Stretching before and after your run can add a lot of benefits to your exercise routine. It allows you to warm up your muscles and safely progress into your run and also provides your body time to cool off and continue to activate your muscles. It’s important to set aside a couple of minutes before and after exercising so you can make sure you’re taking proper care of your body.
There are some conflicting schools of thought in regards to whether or not you should stretch and what the benefits of stretching are. Even if you don’t think stretching contributes to your safety while working out, stretching is extremely important for other facets of health such as flexibility, stress relief, improving blood flow to muscles, and more.
Similar to most workouts, there are always some injuries that could occur while running: sprained ankle, pulled hamstring, a tweak in your back. While some accidents can happen out of your control, a good warm-up and cool-down is a way that helps minimize injuries. Stretching can be one of these solutions and is simple and easy!
Pre-run stretches are all about getting the muscles moving before starting your run. Whether you do a couple dynamic stretches or you start off with a light walk or jog, the important thing beforehand is to build up to your full run.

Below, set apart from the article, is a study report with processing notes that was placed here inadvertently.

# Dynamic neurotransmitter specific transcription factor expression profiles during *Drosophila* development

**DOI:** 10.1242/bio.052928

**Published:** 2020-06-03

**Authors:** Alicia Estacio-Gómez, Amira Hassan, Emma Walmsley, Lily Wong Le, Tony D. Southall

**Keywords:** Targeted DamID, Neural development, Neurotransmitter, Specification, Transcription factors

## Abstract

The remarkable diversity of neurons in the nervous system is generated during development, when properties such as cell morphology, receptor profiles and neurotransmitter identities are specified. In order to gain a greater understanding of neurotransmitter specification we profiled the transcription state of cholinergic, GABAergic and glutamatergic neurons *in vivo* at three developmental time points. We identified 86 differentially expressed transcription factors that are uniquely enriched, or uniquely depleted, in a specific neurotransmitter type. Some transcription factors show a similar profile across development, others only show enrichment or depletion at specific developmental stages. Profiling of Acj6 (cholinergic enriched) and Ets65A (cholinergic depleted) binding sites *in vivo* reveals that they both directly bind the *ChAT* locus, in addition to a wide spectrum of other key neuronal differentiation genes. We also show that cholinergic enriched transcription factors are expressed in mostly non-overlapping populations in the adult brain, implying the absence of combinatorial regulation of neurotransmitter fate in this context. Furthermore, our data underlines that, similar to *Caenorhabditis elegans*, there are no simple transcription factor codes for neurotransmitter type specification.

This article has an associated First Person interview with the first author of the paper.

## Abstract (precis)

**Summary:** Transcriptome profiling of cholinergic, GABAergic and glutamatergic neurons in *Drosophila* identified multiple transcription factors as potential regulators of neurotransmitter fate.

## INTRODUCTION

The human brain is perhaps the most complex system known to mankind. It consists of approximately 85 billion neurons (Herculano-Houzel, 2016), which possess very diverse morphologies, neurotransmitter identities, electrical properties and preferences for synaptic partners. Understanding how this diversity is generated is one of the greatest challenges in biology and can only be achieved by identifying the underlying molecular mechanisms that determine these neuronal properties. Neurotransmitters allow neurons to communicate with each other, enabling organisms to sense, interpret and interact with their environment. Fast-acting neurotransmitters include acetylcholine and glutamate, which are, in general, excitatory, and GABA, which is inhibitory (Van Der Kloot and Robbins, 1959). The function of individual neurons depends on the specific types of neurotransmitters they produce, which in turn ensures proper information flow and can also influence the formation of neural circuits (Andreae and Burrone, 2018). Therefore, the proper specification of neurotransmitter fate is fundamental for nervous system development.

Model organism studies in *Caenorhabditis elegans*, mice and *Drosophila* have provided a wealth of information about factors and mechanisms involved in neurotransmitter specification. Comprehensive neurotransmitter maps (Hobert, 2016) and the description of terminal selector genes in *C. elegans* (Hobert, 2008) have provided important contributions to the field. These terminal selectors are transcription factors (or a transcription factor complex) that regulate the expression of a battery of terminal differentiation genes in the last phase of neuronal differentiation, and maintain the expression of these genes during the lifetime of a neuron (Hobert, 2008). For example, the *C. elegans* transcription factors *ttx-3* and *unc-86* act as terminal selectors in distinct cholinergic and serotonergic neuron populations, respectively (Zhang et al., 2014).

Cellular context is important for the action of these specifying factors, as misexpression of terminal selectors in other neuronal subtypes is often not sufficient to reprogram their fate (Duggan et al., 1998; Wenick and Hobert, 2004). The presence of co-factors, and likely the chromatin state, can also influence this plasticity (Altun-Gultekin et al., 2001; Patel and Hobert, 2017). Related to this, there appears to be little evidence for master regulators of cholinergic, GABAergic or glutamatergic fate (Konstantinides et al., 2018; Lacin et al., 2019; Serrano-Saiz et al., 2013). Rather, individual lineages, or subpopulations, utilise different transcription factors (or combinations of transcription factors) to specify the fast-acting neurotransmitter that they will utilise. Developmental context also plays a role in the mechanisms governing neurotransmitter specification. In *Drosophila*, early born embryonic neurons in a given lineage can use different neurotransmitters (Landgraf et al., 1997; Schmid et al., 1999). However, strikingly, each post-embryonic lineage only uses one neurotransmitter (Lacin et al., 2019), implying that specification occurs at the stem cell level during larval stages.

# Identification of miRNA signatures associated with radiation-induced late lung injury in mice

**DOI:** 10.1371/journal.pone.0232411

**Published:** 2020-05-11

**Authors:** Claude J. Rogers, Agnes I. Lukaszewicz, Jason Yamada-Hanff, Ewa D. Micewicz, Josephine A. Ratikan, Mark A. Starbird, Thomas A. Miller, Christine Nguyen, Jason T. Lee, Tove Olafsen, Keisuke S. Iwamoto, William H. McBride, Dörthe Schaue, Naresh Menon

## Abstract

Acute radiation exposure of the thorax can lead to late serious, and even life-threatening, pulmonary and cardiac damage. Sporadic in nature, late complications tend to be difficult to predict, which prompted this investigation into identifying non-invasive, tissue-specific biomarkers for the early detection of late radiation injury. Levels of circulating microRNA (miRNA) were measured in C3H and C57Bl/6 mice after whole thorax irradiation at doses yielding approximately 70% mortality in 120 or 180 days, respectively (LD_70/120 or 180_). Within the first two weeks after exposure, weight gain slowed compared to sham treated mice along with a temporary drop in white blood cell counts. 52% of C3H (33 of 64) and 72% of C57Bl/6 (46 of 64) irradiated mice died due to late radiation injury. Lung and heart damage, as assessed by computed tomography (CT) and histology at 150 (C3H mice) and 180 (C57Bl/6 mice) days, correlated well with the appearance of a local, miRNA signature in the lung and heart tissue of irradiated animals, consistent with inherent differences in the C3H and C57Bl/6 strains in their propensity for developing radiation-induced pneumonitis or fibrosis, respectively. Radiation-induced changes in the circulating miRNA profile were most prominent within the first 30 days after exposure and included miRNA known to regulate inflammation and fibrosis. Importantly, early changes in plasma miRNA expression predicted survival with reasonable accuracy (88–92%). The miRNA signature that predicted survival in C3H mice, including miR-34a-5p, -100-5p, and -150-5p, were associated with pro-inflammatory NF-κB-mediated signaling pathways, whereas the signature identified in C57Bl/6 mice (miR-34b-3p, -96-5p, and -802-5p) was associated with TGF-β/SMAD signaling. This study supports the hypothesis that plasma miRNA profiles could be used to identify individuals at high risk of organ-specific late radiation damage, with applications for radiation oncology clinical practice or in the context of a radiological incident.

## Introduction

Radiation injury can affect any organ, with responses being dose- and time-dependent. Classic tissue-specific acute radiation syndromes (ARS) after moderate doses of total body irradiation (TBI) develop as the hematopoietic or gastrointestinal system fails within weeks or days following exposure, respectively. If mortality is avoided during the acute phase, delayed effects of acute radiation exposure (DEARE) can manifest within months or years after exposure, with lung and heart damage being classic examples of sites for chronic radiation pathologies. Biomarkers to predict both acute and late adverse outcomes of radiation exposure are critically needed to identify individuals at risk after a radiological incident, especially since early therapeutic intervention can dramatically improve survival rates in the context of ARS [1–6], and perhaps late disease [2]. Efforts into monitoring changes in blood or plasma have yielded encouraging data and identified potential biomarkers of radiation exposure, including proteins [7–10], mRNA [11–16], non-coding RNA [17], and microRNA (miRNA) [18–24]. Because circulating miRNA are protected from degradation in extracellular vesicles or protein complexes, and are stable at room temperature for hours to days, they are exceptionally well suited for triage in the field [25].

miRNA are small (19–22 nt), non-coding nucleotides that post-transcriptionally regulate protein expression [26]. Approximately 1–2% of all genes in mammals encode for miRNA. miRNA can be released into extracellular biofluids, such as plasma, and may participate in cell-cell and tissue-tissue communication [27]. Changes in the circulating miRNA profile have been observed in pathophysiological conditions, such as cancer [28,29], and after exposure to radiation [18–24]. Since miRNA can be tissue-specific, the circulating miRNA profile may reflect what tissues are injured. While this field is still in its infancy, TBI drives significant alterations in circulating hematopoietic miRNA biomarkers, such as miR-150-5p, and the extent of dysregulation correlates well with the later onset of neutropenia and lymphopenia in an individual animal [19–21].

Some standard pre-run stretches include:
Walking High Knees: Take one step and grab your knee, pulling it gently toward your chest. Release and alternate knees with each step.
Walking Lunges: Take one lunge forward, making sure to keep your front knee is in line with your front toes. Release and alternate legs with each step.
Hip Circles: Standing hip-width apart, rotate, and circle your hips (like a hula hoop). You can start off with small circles, making them wider as you go and after a couple of reps you can switch directions.
Calf Raises: You can do this on the ground or on a step with the back of your feet hanging off the edge. Lift up on the ball of your foot and activate your calf, holding for a couple of seconds before coming down.
Because a big focus in your pre-run should be getting your body warmed up, it’s important to add more movement in your stretches at this time. Stationary stretches don’t quite activate your entire body and are typically used more post-run.
I know it can be easy to stop your run or workout and just move on to the next thing you have to do that day, but taking the time to stretch after running is just as important as doing it beforehand. To some, it is even considered to be more beneficial. At this point your body is completely warm, making it an opportune time to stretch and strengthen your muscles.
Some pre-run stretches can be used post-run as well. A couple of additional stretches that are more stationary are:
Thigh Stretch: Bend one knee and grab the same foot behind you by your buttock. Hold for 15 seconds and switch legs.
Hamstring Stretch: Stand with one leg more in front of the other, lean forward with your legs straight, and point your lead toes upward. Hold for 15 seconds and switch legs.
Buttock Stretch: Lie on your back with your knees bent and cross one leg over the other. On the leg that’s behind, loop your hands around that leg and grab the back of that thigh. Hold for 15 seconds and switch legs.
Whether you believe stretching pre and post-run makes a difference or not, just knowing these stretches and movements can add many benefits to your routine. There are many more stretches out there, so you can find different ones that work best for you.